U.S. Supreme Court Backs Broad Interpretation of the “Ministerial Exception,” Shielding Religious Employers From Employment Discrimination Claims
On July 8, 2020, the Supreme Court gave religious employers wide leeway to hire and fire employees whose duties include religious instruction without having to worry about employment discrimination suits. In a 7-to-2 decision, the Supreme Court ruled in Our Lady of Guadalupe School v. Morrissey-Berru that the “ministerial exception” – a legal doctrine that shields religious employers from anti-discrimination lawsuits – foreclosed the adjudication of two discrimination lawsuits brought by Catholic school teachers.
In reaching its conclusion, the Supreme Court relied on its 2012 decision, Hosanna-Tabor Evangelical Lutheran Church and School v. EEOC, in which the Court unanimously held that the “ministerial exception” protected a religious school’s First Amendment right to choose its own religious teachers by exempting these institutions from anti-discrimination laws when employees are deemed “ministers.” In Hosanna-Tabor, the justices set out a loose framework for when the ministerial exception should apply, but refused to adopt any sort of rigid legal test. These factors included:
- whether the employer held the employee out as a minister by bestowing a formal religious title;
- whether the employee’s title reflected ministerial substance and training;
- whether the employee held herself out as a minister; and
- whether the employee’s job duties included “important religious functions.”
In Hosanna-Tabor, the Court held that the plaintiff qualified as a “minister” under the ministerial exception. Applying this four-factor analysis, the Court considered the plaintiff’s title, “Minister of Religion, Commissioned,” as well as her intensive formal religious training and education. The Court found persuasive the fact that plaintiff was responsible for teaching religion and participating with students in religious activities. Accordingly, the Court determined that the plaintiff qualified as a “minister,” under the exception and therefore, her employment discrimination claim could not be decided by the courts. While Hosanna-Tabor provided courts with a helpful framework for determining whether the ministerial exception applies, the exact implications and boundaries of the exception, as well as the weight that should be placed on each factor, remained uncertain.
The Morrissey-Berru decision now provides clarity concerning when the ministerial exception applies. In this case, one of the teachers, Kristen Biel, sued under the Americans with Disabilities Act after she learned she had breast cancer and her contract was not renewed. The other teacher, Agnes Morrissey-Berru, sued under the Age Discrimination in Employment Act of 1967, alleging her employer demoted her and failed to renew her contract in order to replace her with a younger teacher. Both religious employers invoked the ministerial exception and successfully moved for summary judgment at the district court level, but in both cases the Ninth Circuit reversed, reasoning that the teachers did not have the formal title of “minister,” had limited formal religious training and ministerial backgrounds, and lacked the credentials to invoke the ministerial exception.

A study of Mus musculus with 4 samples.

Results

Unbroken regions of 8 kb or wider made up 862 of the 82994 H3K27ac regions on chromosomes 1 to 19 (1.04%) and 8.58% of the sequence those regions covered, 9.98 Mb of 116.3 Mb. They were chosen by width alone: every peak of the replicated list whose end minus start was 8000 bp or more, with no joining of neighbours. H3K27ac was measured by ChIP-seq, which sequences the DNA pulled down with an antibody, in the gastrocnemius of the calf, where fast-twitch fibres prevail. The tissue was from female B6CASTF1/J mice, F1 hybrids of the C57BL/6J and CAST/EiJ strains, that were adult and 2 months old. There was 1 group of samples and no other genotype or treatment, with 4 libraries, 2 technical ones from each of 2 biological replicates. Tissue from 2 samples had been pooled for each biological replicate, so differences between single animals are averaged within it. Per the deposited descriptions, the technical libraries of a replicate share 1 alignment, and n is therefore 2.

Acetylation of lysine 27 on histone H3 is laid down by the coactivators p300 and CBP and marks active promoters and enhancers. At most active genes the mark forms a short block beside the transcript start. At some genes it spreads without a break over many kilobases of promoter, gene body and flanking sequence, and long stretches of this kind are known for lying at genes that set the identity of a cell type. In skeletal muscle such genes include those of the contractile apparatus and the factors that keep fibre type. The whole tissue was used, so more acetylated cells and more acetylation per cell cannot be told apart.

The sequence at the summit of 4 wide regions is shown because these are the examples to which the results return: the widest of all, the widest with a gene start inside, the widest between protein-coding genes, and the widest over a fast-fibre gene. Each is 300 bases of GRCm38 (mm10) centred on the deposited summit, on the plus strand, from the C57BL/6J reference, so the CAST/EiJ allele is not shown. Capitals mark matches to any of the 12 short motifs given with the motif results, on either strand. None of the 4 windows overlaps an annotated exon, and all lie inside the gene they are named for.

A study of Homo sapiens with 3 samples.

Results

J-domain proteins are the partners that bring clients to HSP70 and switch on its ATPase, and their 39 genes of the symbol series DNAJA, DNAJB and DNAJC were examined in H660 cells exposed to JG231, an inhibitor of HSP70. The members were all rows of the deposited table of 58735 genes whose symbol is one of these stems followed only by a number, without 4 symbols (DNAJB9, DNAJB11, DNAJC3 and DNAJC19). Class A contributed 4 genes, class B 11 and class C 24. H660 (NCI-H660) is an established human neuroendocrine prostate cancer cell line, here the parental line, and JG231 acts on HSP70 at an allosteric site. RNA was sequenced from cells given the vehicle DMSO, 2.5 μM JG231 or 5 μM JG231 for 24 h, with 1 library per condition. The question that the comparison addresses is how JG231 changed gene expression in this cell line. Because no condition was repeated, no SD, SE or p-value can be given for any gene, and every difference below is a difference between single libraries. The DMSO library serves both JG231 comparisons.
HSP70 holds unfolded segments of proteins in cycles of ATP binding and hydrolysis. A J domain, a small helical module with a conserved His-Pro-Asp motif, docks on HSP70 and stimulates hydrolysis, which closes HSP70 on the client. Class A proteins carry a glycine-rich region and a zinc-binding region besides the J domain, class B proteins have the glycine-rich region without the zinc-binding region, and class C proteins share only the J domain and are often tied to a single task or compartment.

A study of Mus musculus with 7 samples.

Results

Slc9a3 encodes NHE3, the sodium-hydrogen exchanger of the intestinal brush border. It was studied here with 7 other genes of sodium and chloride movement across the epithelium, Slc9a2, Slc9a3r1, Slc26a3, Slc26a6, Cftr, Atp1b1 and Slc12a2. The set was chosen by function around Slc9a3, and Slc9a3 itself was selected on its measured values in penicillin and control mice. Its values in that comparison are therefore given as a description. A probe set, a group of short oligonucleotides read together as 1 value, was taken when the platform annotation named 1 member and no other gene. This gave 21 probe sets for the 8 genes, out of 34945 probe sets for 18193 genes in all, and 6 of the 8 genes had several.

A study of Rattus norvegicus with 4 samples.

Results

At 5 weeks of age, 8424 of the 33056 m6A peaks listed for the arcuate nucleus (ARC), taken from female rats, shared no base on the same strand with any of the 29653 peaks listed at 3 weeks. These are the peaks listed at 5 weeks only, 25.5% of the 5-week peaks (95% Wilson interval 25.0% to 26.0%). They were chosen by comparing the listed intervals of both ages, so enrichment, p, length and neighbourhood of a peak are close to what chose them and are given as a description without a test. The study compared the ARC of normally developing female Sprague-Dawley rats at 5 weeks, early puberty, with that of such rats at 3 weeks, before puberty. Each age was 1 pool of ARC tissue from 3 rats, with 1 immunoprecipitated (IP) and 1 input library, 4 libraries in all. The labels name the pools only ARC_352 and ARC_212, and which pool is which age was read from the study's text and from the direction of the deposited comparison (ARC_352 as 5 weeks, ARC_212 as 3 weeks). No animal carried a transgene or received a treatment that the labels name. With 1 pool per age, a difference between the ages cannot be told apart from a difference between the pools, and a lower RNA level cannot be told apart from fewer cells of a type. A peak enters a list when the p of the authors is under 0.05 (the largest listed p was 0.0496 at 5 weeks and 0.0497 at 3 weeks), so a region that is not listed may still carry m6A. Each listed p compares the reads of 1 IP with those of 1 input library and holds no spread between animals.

The Supreme Court disagreed, finding that the Ninth Circuit incorrectly utilized a more stringent and formulaic interpretation of Hosanna-Tabor when finding that neither Ms. Biel nor Ms. Morrisey-Berru fell within the ministerial exception. The Court stated that the four factors in Hosanna-Tabor were not to be treated as “checklist items to be assessed and weighed against each other in every case” and that the factors discussed therein were never intended to impose any “rigid formula.” Instead, the Court took a broader view, emphasizing that courts should “take all relevant circumstances into account and to determine whether each particular position implicated the fundamental purpose of the exception.”
In concluding that Ms. Biel and Ms. Morrisey-Berru fell within the ministerial exception, the Supreme Court assessed the circumstances as a whole, rather than following a strict legal formula. For example, both teachers’ employment agreements and faculty handbooks specified that they were expected to carry out the school’s mission of developing and promoting a Catholic faith community and imposed commitments regarding religious instruction, worship, and personal modeling of the faith and explained that their performance would be reviewed on those bases. Additionally, the teachers taught religion in the classroom and worshipped and prayed with the students. The Court was not concerned with the fact that the teachers’ title did not include the term “minister.” Given these circumstances, the Court held that Ms. Biel and Ms. Morrisey-Berru fell squarely within the ministerial exception, and therefore, their discrimination claims were barred.
Going forward, courts must assess a variety of factors in determining whether an employee who works at a religious institution falls under the ministerial exception. “What matters, at bottom, is what an employee does,” the Court said.
While the Morrissey-Berru decision arose out of a religious school setting, given the broad interpretation of the decision, religious institutions of varying types will now have a strong argument for protection against discrimination claims brought by their employees who perform a wide array of faith-based functions for the organization. Employers with questions about how to best assess whether the ministerial exception applies to an employee within their organization or to effectively defend against discrimination or retaliation claims, should consult with experienced employment counsel.
*Jamie Moelis is a law clerk with Sheppard Mullin.